Rediscovered: Biography Month Once More on These Mean Streets

What ho, it is Biography Month once again on Up and Down These Mean Streets — last time I did one was July 2012. The new bio of Jim Tully was a big excuse that time, and no doubt the major moment to come out of the proceedings was Terry Zobeck’s discovery of a “lost” interview with Hammett (lost for decades, until Terry did the essential sleuthing to uncover it, anyway). But I also squeezed in coverage of bios on M.P. Shiel and other tidbits. We’ll see what this round brings. . . .

The official release of Nathan Ward’s The Lost Detective: Becoming Dashiell Hammett on September 15 is the motivating factor this month, building up to a talk by Nathan in the Mechanics’ Library in Post Street on September 30. No better excuse needed.

And as usually happens, suddenly bio stuff is in the air. I was catching up on the horn with my pal Leo Grin, who mentioned that Donald Sidney-Fryer had informed him that he had finished his autobiography (you’ll remember Leo and DSF from one of my adventures in Musso & Frank). Awhile back Leo was telling me that the first part of this autobio apparently covers memories from the womb and before (that’s all I know), and if I heard him correctly the title will be Hobgoblin Apollo — then some sort of sub-title, like The Life of Donald Sidney-Fryer or Exploits of the Last Courtly Poet or something. Don’t think it’ll be out this month, but be warned, it could mark the excuse for a future Bio Month.

And yesterday I went to the new Tenderloin Museum for the first time, to check it out and see about doing some talks. At the moment they have five authors covered in their interactive displays: Hammett, of course, who lived a couple of blocks away in 620 Eddy, and Miriam Allen DeFord, William Vollmann, Fritz Leiber and Saroyan (I’ll have to look next time to see how Saroyan gets squeezed in).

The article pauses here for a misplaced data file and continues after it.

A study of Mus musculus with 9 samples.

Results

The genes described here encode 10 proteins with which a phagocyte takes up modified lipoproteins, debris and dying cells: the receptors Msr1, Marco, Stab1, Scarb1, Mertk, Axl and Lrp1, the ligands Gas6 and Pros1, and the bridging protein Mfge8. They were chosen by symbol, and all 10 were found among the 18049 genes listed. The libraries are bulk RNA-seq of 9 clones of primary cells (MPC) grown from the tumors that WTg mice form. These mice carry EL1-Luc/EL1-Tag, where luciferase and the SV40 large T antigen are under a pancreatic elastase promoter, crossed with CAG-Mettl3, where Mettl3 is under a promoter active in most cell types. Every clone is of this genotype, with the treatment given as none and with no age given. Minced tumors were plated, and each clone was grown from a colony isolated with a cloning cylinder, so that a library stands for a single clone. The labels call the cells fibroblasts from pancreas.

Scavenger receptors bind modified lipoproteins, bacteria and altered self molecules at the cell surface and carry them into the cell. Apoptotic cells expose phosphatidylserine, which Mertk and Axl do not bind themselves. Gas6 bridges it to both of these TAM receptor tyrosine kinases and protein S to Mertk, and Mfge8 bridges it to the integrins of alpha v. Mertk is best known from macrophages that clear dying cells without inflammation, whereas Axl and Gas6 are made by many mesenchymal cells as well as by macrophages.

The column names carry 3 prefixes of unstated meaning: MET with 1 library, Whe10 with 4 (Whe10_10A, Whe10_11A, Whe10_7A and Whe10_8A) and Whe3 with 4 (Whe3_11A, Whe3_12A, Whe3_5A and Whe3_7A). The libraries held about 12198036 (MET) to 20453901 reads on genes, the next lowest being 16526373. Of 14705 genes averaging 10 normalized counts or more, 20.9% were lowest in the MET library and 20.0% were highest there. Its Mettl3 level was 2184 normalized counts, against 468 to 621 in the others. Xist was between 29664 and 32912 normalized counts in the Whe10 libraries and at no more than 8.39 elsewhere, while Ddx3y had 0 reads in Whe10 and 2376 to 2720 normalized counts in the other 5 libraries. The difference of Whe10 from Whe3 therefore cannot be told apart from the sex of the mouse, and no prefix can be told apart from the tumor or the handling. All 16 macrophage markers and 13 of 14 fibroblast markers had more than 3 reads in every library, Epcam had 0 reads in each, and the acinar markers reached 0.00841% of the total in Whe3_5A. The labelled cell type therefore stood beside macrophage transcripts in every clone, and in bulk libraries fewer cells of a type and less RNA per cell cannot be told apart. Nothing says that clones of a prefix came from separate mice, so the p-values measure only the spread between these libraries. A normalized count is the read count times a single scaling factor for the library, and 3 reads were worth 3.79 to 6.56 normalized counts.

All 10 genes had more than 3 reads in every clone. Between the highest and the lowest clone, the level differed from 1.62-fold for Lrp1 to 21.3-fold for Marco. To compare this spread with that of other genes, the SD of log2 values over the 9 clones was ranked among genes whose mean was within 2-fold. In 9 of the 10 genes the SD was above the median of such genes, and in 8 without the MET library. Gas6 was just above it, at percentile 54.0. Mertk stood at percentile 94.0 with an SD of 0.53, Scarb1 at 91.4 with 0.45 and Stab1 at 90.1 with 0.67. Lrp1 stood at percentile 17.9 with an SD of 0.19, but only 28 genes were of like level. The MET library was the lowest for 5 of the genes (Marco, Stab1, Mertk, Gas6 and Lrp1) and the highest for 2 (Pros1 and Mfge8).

I can do a talk on Hammett’s life in the hood without thinking twice about it. Ditto Fritz, who I knew well in the years he was a denizen of the Geary Street corridor. And I proposed a talk about the Horror Intersection of Geary and Hyde — where you had Fritz living in 811 Geary and writing Our Lady of Darkness, and earlier Stan McNail, author of Something Breathing, just down Hyde, and in recent years Stan Sargent, author of The Taint of Lovecraft, living just up Hyde. Literary biography, and lots of it.

Heading out from the museum I decided to stop in Saigon Sandwich, Larkin just south of Eddy — a woman on the tour some months back had blurbed their sandwiches as both great and cheap, and I hadn’t had the time to look into it before now. I think a key motivating factor from my own life — remember, this is Bio Month — was the futile quest to find gyros that Morgan “The Morgman” Holmes led me on during PulpFest. No gyros. But Saigon kind of made up for it, filled the void. Delicious, pretty messy sandwiches — I think Morgan would be interested.